I used to spend a lot of time in the mountains, climbing and skiing and revelling in the views from mountain tops. My daughters’ father is an avid mountaineer. The best weekend for him was to spend it laden down with climbing ropes and axes, scrambling up scree slopes and carefully choosing your path up the side of a mountain to reach some far off summit you can’t see from the bottom, but know is there high above you, waiting for your ascent.
Climbers take their time. They are thoughtful, precise and prepared.
Before they ever head out, they have researched the route, mapped their ascent and at the same time, are prepared for the unexpected.
Anything can happen when climbing a mountain, no matter which direction you’re going. Up or down.
Once, while climbing Cathedral Mountain, we got lost in the woods leading to the beginning of the ascent route. We had to bushwhack through dense forest and being that I was at least a foot shorter than my two climbing companions, I did more rolling over deadfall than stepping. I did not look very dignified nor graceful.
Just below where the climb began I got bit in the calf by a spider. My leg swelled up to three times its size and there was no way I could proceed. I didn’t have a book (any excess weight is not welcome on a climb) so I spent the day sunning and resting on a huge boulder while the two men continued the climb.
It was an unexpected lesson in mindfulness. My mind wanted me to believe the approach of a grizzly bear was imminent. That I was in mortal danger sitting on that rock.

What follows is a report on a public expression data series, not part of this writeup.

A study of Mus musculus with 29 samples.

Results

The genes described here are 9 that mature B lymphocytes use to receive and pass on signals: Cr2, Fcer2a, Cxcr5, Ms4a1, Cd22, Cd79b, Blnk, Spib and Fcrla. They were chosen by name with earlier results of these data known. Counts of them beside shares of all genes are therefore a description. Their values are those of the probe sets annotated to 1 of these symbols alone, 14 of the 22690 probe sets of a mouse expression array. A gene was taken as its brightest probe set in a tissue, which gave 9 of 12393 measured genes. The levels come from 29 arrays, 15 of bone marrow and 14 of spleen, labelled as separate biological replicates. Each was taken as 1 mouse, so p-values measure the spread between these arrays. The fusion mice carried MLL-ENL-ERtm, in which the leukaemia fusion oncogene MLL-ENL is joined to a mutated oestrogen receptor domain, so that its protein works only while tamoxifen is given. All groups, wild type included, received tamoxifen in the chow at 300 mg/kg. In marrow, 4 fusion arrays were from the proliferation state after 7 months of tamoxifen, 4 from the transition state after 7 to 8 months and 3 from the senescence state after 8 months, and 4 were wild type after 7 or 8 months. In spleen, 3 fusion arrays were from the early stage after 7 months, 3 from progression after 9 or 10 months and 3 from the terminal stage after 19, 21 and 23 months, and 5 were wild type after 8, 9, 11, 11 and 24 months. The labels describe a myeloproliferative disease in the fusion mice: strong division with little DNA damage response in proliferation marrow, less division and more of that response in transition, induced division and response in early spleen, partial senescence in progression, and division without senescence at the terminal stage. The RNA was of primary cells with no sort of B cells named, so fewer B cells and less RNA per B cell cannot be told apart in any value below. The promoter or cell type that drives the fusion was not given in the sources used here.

I spent the first couple of hours alone trying to swivel my head in every direction, until eventually I grew tired of being constantly on-guard against some unseen adversary. I had to get present. To become one with my environment. By the time my climbing companions returned, even though my leg was red hot and swollen, I felt grounded. Refreshed. Calm. I’d had a beautiful time being present with the world around me.
When climbing, no matter which way you’re going, looking back is not a good idea. Looking back means you’ve taken your focus off where you’re at. What’s happening in the here and now. When climbing, you must stay present to every step you take, because every step is important to your well-being. And to your climbing partner’s well-being too.
And while each step is filled with anticipation of reaching the summit drawing you ever higher, you can’t let your mind stray to the view at the top. You must keep it on where you’re at, what you’re doing right now.
I never tired of the view from the top but I never particularly liked the climb. It scared me to be exposed. To be dependent upon a rope, another human being, a foothold on the side of a mountain-face that was supposed to hold, but dare I trust it?
I wasn’t all that keen on the descent either.
Coming down has its perils. You are tired, there is the natural let-down of having reached your goal, of having breathed the rarified air at the top and swooned at the sight of a feast of mountains spread out as far as the eye can see.
There’s not much time to linger on a mountain top. The sun is arcing towards the earth in the distance, storm clouds are building on the far horizon, ice falls, rock falls and other natural hazards litter the slopes below. Your body is fatiguing and now, having devoured the view, you must set your sights on the descent. The valley below is calling. The ‘real world’ awaits.
No matter whether climbing up, or down, or simply walking on the path to your ascent, looking back can be dangerous.
Like life, to reach your goal you must have confidence that each step will lead you to the next and the next. Knowing where you’re going keeps you stepping safely. It keeps you aware of pitfalls on your path, of hazards on your route of opportunities and possibilities for new and better paths to your destination.
Looking back will only keep you from seeing what lays on the path ahead.
Don’t look back. You’re not going that way.
With gratitude to Lou at Zen Flash for the title and inspiration for this post.